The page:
One 1977 afternoon at the end of Broncos practice the quarterbacks coach asked me if I'd ever seen a drop-kicked field goal.
"Babe, I wasn't born in 1937'' - the last time it happened in an NFL game.
"I'll bet you $25 I can drop-kick a 25-yarder in three tries,'' he said.
"Nobody can drop-kick. You're on.''
Babe called over the Broncos' three quarterbacks and said: "I got me a sucker.'' Craig Morton, the starter, laughed.
Then, Parilli, who was 47, held the football around the laces, dropped it at a tilted angle toward the pointed end and kicked.
Straight through the uprights about 30 yards.
Ten years ago Babe and I were playing partners at Cherry Creek Golf Club.
"Bet you 25 bucks I can shoot my age,'' he challenged.
"How old you now?''
"Same as the year we went to the Super Bowl."
Babe was 77. He shot 74.
A few years back at a friend's July Fourth party, Babe called me over. He was standing on a piece of tape. "Give you a chance to get your money back. Knock me off this spot.'' Babe was in his 80s, but still had a Pennsylvania steel-tough body. I couldn't move him.
"Babe, if you bet me $25 that the sun will set in the East, I wouldn't doubt you.''
When the text came Saturday morning that he had died at a medical center in Parker, it was so saddening.
Only the brightest, boldest and biggest personalities in sports earned the name "Babe'' - Babe Ruth, Babe Didrikson (who lived for years in Colorado with pro wrestler husband George Zaharias), Babe McCarthy (the late college and pro basketball coach) and Vito "Babe'' Parilli.
"I bet you I played and coached in more football leagues than anybody,'' he said to me one night at the Aurora Summit restaurant. I didn't take that bet, either. Babe played quarterback in the National Football League, the Canadian Football League and the American Football League for five teams. He was an assistant or head football coach in the NFL, the World Football League, the United States Football League and the Arena Football League.
He played for Bear Bryant at the University of Kentucky (and was a two-time All-American in 1950-51, finished third and fourth in the Heisman Trophy balloting and once was named the greatest all-time SEC QB). He played for Vince Lombardi at Green Bay. (Babe was Bart Starr's predecessor as starting quarterback.)
Babe's story was: He played golf with the legendary Lombardi before training camp and beat the coach out of a $1 bet. "Vince threw the money at me and said that was the last dollar I'd ever get from him.'' Parilli was cut before the season.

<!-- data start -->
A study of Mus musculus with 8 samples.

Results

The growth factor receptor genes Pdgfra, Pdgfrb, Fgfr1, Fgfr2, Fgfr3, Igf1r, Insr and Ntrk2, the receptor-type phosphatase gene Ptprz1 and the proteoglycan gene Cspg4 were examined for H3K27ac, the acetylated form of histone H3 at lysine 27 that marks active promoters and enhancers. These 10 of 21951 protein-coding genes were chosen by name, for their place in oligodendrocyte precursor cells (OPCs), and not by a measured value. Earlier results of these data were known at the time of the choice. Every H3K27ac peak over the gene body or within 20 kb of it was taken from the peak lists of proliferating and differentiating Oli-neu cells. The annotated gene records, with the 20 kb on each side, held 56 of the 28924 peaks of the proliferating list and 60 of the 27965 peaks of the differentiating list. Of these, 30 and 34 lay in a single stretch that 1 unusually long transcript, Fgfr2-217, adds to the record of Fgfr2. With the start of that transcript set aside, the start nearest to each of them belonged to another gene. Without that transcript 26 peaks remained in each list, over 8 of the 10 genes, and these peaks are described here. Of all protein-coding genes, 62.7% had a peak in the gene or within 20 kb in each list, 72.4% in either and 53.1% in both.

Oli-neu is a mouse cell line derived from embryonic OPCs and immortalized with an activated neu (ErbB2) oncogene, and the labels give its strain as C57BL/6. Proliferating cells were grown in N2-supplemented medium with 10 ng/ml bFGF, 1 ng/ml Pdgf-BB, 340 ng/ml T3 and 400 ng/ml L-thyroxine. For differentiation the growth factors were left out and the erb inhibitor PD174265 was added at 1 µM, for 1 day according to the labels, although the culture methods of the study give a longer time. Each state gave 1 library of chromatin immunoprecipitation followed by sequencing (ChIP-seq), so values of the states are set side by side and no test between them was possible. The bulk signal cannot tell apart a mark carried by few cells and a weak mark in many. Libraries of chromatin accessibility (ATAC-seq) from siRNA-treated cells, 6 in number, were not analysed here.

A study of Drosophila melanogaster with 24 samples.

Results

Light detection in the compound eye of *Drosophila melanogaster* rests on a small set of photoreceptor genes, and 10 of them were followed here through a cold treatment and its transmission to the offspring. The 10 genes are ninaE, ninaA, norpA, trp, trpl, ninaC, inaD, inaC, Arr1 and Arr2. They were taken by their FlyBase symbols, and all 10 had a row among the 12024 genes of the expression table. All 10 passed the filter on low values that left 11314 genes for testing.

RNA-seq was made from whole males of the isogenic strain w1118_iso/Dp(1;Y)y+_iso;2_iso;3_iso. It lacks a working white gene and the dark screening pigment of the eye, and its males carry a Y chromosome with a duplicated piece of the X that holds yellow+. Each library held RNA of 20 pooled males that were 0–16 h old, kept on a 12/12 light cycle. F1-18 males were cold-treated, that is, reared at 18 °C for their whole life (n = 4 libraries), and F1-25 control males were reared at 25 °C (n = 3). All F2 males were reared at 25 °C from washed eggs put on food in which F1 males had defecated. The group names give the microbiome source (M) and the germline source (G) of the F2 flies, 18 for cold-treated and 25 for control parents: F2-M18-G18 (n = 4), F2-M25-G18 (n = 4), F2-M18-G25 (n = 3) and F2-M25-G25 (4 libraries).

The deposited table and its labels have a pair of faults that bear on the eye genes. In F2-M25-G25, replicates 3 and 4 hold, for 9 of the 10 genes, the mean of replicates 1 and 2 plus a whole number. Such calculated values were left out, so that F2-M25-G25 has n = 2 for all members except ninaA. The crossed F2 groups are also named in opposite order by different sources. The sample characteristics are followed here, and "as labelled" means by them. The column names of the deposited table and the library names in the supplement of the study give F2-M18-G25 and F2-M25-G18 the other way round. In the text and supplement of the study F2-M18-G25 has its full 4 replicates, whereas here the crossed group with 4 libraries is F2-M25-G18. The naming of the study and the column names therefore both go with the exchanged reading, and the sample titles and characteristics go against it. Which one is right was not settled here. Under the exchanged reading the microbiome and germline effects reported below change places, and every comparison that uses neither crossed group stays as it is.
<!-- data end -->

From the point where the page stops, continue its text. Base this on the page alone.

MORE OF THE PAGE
After playing twice for the Packers (he was brought back by Lombardi) and the Browns and serving as a lieutenant in the United States Air Force, he went to the Ottawa Rough Riders, then joined the Raiders in the AFL's inaugural season (1960). He was traded to the Patriots the following year and was the primary starter for seven seasons - including several memorable games against the Broncos.
He was signed by the Jets in 1968 for the last two seasons of a 16-year pro career and was Joe Namath's backup in the AFL's first Super Bowl victory over the NFL.
"I had a wild, incredible time as a player, for a poor son of a glass factory worker in the Depression.''
But his remarkable ride didn't end. Parilli would join rookie head coach Red Miller's staff in Denver in 1977 and worked in camp with Morton and another veteran - Steve Spurrier, who would be released. Under Parilli, once named Comeback Player of the Year, Morton experienced his own resurgent comeback year, and the Broncos would reach their first Super Bowl.
Babe also coached Terry Bradshaw in Pittsburgh and would become the only person to coach with three Denver franchises - the Broncos, the Denver Dynamite indoor football team (as head coach) and the Denver Gold USFL team (as Morton's offensive coordinator). Babe also worked for the Commerce City government, and his former wife, and son, reside in the Denver area.
Lamentably, Babe will miss Miller's induction into the Broncos Ring of Fame, and the 40th Super Bowl team reunion. The Broncos had 10 coaches then (five are alive) and 25 now.
In 1978 Parilli worked with a young Broncos' intern assistant - Bill Belichick.
Parilli, who was 87, spent the final 40 years in Denver. "Once I got here, I never wanted to leave,'' he told me in our last conversation.
Babe was the best. He lived a life. You bet.